A large number of house fires start when creosote (a carbonaceous chemical) builds up on the interior of your chimney. Even so, some homeowners continue to disregard this significant risk, and don’t take proper measures when it comes to chimney cleaning. When houses were heated by fireplaces only, prior to the Industrial Revolution, chimney sweeps were in demand as 19th century homeowners seemed to realize how important a clean chimney was to avoiding home fires.
In the 21st century, avoiding a house fire is just as important. Even though most contemporary homeowners use their fireplaces for coziness or have remote controlled natural gas flames to fuel their fires, the majority still use wood to burn and are susceptible to creosote buildup in their dampers and flues. Homeowners are urged to have their chimneys inspected for creosote buildup and cleaned if necessary in the spring of each year.
Chimney fires are characterized by loud cracking or popping noises and a lot of dense smoke from the flue, but often times go undetected by the homeowner. Chimney fires are often explosive, and it is common for neighbors to hear the explosions and alert the homeowner. Chimney fires can burn at extremely high temperatures (up to 2,000 degrees F).
These super-hot fires will weaken masonry chimney structure after creosote residue builds up in sufficient quantities. The conditions that tend to attract creosote buildup include the natural lack of air supply in chimneys, burning wood that lacks enough seasoning, and cool chimney temperatures that occur in four-season environments. Overloading your firebox to get longer fires can also contribute to creosote residue buildup in your chimney.
Chimney Safety Institute of America (CSIA) statistics indicate there are more than 25,000 chimney fires annually in the US. These cause over $125 million in property damage, but, if they spread to occupied homes the measurement of human deaths and injuries is impossible to compute.
You should have an annual chimney inspection by a reputable chimney sweep organization such as Petro. Depending on how often you use your fireplace to burn wood, creosote residue will build up in your chimney. There are many factors that influence the amount of creosote stuck to the walls of your chimney, such as the volume of airflow into your chimney and the burning of improperly seasoned wood, which encourages such a buildup. Creosote will also build up in the flue if you have unburned wood in the firebox.
There is not a “hard and firm” rule of thumb on how often to clean your chimney. An examination by an experienced chimney sweep is the only way to learn if your chimney, whether masonry or metal, needs a cleaning.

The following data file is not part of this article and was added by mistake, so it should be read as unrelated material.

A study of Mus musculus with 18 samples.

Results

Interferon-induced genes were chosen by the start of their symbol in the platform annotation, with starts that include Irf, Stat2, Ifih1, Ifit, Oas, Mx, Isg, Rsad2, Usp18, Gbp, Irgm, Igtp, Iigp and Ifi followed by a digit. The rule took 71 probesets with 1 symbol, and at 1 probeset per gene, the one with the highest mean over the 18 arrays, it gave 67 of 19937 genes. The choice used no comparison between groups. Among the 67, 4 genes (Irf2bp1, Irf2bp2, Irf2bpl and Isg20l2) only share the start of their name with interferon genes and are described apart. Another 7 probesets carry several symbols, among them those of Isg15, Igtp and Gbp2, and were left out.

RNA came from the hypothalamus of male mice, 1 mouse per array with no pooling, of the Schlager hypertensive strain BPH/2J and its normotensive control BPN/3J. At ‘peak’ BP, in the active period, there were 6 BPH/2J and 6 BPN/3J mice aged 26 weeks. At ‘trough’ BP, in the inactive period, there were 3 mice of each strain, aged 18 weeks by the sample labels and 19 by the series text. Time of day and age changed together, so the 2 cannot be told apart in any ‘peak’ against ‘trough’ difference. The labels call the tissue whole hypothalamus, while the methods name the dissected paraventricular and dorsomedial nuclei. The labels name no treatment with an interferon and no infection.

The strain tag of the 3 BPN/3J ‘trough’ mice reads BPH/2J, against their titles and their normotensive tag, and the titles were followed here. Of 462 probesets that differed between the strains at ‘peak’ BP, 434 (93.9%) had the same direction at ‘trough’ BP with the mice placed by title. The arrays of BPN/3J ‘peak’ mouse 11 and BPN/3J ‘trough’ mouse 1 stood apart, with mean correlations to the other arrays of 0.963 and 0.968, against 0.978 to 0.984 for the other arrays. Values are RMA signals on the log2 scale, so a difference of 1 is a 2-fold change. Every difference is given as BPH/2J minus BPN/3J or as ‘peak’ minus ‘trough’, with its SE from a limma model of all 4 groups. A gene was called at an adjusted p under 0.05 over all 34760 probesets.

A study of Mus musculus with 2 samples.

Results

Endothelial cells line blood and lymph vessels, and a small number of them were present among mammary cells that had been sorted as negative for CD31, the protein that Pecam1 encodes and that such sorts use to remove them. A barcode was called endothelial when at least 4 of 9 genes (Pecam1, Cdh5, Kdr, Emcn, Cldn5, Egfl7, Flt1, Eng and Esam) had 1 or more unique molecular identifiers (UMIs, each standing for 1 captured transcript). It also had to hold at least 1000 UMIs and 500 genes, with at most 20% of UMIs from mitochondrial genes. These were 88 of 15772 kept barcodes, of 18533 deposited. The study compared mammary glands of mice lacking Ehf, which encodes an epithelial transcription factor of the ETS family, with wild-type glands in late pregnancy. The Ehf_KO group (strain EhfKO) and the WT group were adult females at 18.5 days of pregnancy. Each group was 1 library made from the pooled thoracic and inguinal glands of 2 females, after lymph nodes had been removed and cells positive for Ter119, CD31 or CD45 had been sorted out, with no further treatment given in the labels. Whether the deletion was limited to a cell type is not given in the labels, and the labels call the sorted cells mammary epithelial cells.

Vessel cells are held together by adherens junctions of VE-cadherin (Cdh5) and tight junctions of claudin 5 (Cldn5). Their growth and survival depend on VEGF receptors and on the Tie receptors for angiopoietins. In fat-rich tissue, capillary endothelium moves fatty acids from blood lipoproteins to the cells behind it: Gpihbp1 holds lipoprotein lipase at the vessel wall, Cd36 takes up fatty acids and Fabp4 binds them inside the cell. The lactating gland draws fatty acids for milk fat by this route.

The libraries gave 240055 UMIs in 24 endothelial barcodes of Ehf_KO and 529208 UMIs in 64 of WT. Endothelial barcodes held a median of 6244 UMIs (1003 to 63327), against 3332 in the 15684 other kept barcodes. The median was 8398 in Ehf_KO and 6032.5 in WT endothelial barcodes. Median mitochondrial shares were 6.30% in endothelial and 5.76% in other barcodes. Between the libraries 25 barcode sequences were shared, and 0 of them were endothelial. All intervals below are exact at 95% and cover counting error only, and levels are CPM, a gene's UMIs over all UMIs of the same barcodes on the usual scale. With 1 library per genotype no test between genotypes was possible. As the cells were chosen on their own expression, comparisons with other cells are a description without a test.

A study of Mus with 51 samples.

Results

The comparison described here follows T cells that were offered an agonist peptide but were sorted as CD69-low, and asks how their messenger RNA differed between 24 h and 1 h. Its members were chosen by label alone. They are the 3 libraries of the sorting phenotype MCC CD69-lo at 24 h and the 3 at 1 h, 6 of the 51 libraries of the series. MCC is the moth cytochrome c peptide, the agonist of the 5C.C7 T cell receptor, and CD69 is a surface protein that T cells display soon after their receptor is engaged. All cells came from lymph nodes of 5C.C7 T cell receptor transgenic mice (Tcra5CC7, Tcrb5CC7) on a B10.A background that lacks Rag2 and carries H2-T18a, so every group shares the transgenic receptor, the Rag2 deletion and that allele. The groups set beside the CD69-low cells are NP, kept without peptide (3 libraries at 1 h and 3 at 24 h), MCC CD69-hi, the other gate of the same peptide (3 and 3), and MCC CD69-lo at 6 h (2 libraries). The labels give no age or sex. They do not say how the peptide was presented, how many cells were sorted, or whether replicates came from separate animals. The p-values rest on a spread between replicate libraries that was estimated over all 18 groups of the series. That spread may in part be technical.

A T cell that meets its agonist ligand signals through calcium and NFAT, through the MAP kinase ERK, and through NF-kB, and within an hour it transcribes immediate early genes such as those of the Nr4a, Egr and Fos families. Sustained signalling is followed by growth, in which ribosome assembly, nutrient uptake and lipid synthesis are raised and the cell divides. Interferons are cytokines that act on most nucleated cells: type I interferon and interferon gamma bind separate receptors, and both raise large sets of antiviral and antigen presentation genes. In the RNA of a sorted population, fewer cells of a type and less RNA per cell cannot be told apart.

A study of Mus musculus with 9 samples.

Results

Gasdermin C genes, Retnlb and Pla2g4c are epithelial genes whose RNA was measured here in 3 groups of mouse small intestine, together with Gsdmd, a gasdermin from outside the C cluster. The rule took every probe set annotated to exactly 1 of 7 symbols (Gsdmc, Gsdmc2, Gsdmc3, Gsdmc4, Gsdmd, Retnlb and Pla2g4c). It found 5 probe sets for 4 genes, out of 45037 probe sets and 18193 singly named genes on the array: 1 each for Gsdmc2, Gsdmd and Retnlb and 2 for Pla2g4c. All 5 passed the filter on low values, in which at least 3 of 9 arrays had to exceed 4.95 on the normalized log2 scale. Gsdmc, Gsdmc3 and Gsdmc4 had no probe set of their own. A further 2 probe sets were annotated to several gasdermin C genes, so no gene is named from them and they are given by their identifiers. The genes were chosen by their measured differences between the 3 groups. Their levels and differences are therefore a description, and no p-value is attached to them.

Modern prefabricated metal chimneys are specially treated to withstand the high temperatures of a chimney fire without suffering severe damage. Should they suffer damage from a chimney fire, the professional recommendation is to no longer use the chimney until you replace the unit.
A common homeowner question: “How can I maintain the safety of my chimney between professional cleanings to avoid chimney fires?” There are things homeowners can do to better avoid often dangerous chimney fires. Here are a few steps homeowners can take:
It is not really the logs that do much, but the chemicals within them. Some “chimney sweeping log” products claim to assist retarding creosote buildup, and some of them do so. Those that are somewhat effective in maintaining your chimney between cleanings contain chemicals similar to the chemicals used by chimney sweeps for professional cleanings.
The chemicals are carried up the flue by the rising exhaust from the safe fire in your fireplace. These logs break down the residue coating the inside of your chimney, but many experts have a problem with the marketing strategy for these products.
If you read the “fine print” disclosures for these logs, you will see that the chemicals embedded in them are labeled “might (the operative word) reduce creosote by as much as 60 percent.” However, the Washington Public Fire Educators Association refutes this by publishing the following statement. “The use of chimney sweeping logs (and similar products) alone is not an adequate substitute for mechanical chimney cleaning and inspection because it does not provide for the same level of protection to the chimney system. Every time you burn wood in your fireplace or wood stove, tar and creosote (highly flammable) are formed and over time build up on the inside of your chimney.”
The bottom line: Do not rely on chimney sweeping logs instead of having a professional chimney sweep clean your chimney. While they can help you maintain your chimney between professional chimney sweep cleanings, they do not replace the need for regular chimney inspections and cleanings.
When you do not want to take a chance, get recommendations for an insured, reputable professional, like Petro Home Services. A certified chimney sweep, like the team at Petro, can make the inside of your chimney safe even if you only use it for ventilation of your furnace or heating system. Just as your furnace benefits from an annual tune-up, if you have and use your fireplace regularly an annual chimney inspection can improve your fuel use.
Your chimney is irrevocably wedded to your furnace and heating system. Even if you have not had your chimney swept in years because you do not have or use a fireplace, you still might need to clean your chimney. Call your local Petro Home Services location today to schedule a chimney inspection from the certified chimney services team.*
*Chimney services may not be available in all areas.